Here by Richard McGuire (Pantheon Graphic Library, 2014)
Standing on the steps of the Washington Monument, exactly where Dr. Martin Luther King, Jr. delivered his “I Have a Dream” speech was, for me, a surreal moment. Time loosened its reigns on my reality: the significance of that space, of what has happened there over fifty years before my standing there gave me chills. It gave me an overwhelming sense of wonder, of appreciation. Not just for the man and what he did, but for that place.
Allowing one to transcend time, to recognize that all times are in their own way connected, is very much at the forefront of artist/writer artist/writer Richard McGuire’s objectives with his graphic novel, Here.
Fifteen years in the making, Here is an incredibly ambitious, inventive work of literature. With this sprawling graphic novel, McGuire tells a unique story that is far more about place than it is about people.
Set primarily within the physical space of one room in a house, the graphic novel shows the reader a series of moments from different times, all existing in the same location, all shown from the same fixed viewpoint, each revealing truths about humanity. On each page, McGuire takes his reader on a journey through time: fragments of conversations and actions from past, present, and future. While the majority of the story takes place during the past century, Here also ventures well beyond, exploring times as early as 3 billion BCE and imagining times as distant as two hundred years into our future.
The pages themselves are quite innovative, typically featuring windows over small sections which allow glimpses into various moments in time simultaneously. The effect of this is fascinating. Throughout several moments in the graphic novel we see that while times may change, people (and the things that people experience) stay very much the same.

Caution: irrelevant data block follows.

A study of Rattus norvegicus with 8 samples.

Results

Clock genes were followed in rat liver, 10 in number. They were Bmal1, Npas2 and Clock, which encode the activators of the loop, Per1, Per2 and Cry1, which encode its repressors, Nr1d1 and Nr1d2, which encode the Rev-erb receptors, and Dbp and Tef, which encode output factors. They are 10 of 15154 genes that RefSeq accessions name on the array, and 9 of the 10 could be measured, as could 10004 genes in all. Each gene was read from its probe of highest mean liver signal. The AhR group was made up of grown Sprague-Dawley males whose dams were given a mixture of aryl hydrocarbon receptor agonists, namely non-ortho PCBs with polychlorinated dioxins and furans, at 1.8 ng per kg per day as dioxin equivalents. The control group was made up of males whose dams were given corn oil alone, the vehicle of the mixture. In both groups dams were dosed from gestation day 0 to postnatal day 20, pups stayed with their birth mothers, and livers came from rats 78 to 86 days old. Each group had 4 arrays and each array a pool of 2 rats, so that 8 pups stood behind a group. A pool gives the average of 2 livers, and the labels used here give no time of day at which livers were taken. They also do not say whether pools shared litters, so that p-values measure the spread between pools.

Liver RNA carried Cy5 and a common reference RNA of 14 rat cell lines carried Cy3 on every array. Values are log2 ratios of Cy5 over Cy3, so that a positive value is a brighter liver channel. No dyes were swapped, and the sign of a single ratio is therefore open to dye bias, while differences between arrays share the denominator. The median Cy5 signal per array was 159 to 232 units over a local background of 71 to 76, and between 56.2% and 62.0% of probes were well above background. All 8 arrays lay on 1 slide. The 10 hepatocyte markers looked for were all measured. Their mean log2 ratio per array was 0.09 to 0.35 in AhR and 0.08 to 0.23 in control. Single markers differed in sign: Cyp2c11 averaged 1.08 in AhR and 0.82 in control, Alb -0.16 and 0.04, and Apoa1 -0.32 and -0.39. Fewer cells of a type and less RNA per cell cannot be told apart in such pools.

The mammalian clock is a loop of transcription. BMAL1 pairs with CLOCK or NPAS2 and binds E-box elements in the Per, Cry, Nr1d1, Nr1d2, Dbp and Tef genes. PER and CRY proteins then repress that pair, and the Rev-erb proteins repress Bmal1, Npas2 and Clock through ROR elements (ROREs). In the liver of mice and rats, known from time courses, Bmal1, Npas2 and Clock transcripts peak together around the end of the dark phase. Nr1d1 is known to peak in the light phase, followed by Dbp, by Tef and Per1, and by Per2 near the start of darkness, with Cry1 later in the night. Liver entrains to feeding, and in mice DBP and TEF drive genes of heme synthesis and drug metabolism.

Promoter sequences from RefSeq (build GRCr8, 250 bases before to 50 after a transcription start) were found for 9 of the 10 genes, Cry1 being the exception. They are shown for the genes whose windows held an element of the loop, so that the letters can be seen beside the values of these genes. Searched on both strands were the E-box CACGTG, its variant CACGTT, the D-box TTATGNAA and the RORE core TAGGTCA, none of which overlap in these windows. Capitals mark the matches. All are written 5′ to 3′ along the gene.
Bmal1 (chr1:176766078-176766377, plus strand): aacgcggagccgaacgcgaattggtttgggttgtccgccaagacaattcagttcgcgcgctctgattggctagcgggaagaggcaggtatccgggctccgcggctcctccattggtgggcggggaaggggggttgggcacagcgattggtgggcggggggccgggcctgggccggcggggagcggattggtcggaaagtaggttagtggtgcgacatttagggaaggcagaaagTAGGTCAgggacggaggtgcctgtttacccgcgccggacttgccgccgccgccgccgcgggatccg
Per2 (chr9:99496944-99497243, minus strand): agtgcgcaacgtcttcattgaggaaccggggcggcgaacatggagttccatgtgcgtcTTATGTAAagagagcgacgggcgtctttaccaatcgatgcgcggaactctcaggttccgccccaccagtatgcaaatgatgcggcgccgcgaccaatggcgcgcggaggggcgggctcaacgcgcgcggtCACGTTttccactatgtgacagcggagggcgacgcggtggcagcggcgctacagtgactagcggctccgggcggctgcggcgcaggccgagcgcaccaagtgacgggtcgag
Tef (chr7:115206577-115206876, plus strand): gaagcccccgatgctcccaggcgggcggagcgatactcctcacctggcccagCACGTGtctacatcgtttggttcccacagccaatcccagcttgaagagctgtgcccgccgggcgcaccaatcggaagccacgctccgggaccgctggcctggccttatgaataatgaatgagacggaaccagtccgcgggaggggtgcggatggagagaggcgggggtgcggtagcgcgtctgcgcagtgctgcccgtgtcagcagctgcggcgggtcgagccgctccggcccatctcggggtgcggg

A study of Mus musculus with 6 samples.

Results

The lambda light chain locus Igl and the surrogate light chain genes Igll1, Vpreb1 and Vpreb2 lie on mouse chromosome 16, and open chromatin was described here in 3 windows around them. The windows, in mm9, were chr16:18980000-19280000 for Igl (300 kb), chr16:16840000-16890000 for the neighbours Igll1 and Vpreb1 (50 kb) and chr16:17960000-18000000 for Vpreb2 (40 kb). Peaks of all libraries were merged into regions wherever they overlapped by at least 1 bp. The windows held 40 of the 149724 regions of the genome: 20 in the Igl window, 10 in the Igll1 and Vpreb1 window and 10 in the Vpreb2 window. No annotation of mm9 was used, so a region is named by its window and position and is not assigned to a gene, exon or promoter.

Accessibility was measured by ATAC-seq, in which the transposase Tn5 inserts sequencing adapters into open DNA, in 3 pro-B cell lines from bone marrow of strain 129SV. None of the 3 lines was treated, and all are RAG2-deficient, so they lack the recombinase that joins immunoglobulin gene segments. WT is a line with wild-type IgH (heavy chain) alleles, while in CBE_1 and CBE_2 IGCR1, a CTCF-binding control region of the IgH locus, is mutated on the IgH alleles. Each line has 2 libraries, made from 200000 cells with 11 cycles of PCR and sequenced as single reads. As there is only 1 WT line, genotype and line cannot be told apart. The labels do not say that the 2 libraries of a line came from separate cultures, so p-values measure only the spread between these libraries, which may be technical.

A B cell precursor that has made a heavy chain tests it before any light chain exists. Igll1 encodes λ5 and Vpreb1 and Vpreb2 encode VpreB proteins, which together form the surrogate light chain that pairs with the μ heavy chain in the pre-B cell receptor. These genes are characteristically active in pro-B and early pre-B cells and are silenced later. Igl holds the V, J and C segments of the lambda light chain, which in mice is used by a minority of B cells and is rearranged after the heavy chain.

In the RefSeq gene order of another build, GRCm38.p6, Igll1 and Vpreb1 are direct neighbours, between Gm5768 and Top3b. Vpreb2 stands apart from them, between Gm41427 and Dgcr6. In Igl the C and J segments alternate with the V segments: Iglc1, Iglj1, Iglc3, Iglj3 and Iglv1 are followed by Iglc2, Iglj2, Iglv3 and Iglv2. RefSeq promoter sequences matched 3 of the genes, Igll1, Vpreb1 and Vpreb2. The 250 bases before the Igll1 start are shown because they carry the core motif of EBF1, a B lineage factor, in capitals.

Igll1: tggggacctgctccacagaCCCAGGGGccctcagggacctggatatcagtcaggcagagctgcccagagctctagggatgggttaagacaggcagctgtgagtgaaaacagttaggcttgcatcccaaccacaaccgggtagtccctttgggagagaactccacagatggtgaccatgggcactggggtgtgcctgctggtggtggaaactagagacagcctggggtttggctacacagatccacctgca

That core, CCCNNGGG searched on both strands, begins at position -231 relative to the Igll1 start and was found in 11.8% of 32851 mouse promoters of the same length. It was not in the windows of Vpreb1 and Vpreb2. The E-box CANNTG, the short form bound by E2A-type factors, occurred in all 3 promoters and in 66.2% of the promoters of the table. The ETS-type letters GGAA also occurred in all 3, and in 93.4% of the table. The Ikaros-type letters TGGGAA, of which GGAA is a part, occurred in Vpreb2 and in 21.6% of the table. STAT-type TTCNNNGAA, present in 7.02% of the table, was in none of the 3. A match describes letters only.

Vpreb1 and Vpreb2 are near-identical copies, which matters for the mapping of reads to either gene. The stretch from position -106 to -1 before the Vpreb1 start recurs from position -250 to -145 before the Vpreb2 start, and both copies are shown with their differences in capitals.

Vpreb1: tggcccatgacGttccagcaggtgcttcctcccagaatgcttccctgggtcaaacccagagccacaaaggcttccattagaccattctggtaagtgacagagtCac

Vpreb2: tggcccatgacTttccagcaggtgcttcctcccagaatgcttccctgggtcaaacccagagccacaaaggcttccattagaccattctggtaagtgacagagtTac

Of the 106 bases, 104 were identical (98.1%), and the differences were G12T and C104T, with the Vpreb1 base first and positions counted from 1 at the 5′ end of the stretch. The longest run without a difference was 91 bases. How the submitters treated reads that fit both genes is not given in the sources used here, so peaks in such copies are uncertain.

As for the visual style, McGuire masterfully plays around with colors and textures, to elicit different moods and the feeling of existing in different time eras. The art itself, particularly the rendering of people and furniture, could arguably be labeled simplistic, but at 304 pages, the volume of art in Here is staggering. There is nothing simple about what McGuire has done with this graphic novel.
While there is much to be enjoyed in Here and, in particular, its experimentation with storytelling, I would also issue a warning of sorts: Here will ultimately not be for everyone. While there were dozens of individual story-lines in the book, none of them bear more fruit than a couple, quick dialogue exchanges or some simple actions. These moments have little, if any, narrative pull in and of themselves. As such, these fragments of individual stories will most certainly not satisfy the cravings of readers who want a traditional narrative complete with character development.
For me, and I suspect for many, Here’s originality, its experimentation with what constitutes a story makes it a work to be admired. What makes Here so special is the very thing that will make it off-putting to some readers. I just hope you choose to give it a chance. You might just walk away with a new appreciation for the places you find yourself.
Brian Burmeister is a regular contributor to the Sport Literature Association, Cleaver Magazine, and Compulsive Reader, and he can be followed @bdburmeister.
All reviews by Greg Bem unless marked otherwise.